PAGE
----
America has great advantages as it faces an urgent need to accelerate the transition to a clean energy economy and a lower carbon future, including enormous renewable energy resources and a vast public and private land base to develop and deliver that clean, inexhaustible energy. This transformation will mean greater energy security and a more sustainable and prosperous economic future. Yet getting to that future will test our resolve and ingenuity. And getting there while treating our land resources in ways that sustain rather than deplete and degrade them will test our wisdom.
This challenge is already beginning to unfold in America’s desert Southwest, which is home to some of the best solar resources in the world as well as vast landscapes that are ecological treasures and fragile wildlife habitats.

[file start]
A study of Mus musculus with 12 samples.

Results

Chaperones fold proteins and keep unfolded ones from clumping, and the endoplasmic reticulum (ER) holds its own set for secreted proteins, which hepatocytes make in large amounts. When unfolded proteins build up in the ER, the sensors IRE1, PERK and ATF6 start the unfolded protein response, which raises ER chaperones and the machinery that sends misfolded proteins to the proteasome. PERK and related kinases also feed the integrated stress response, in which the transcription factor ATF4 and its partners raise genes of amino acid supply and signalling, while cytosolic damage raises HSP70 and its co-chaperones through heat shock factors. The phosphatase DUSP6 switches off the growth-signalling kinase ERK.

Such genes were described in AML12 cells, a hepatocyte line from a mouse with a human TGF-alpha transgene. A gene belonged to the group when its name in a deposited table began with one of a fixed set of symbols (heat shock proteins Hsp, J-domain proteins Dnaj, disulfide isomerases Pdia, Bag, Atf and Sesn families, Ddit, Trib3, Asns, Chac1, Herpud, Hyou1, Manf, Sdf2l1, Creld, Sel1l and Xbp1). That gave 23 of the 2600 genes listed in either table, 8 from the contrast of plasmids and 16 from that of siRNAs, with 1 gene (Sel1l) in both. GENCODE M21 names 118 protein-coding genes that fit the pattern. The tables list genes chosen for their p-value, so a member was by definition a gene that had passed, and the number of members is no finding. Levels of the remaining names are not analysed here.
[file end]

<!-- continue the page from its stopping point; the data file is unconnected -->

The federal Bureau of Land Management and the California Energy Commission have since mid-summer been feverishly paving the way for a renewable energy construction boom in southern California and Nevada. They are in a race to meet an end-of-year deadline for funding under the American Recovery and Reinvestment Act. A flurry of final and near-final approvals for nine utility-scale solar power projects will add more than 4,000 megawatts of clean electricity to the United States’ electric power system when construction of the plants is completed over the next several years. That is about seven times the amount of concentrated solar power currently in operation worldwide as of mid-2009 and roughly the equivalent of four nuclear power plants. It is enough to power more than one million homes.
The clean power surge getting underway this year in the desert Southwest is a watershed moment in the transition to a renewable energy and lower carbon future—and a vivid demonstration of how changes in land use can further that transition. The United States has a vast geography that, with smart and resourceful land-use policies, can help accelerate the growth of clean renewable energy, reduce global warming pollution, and still protect treasured public lands and wildlife.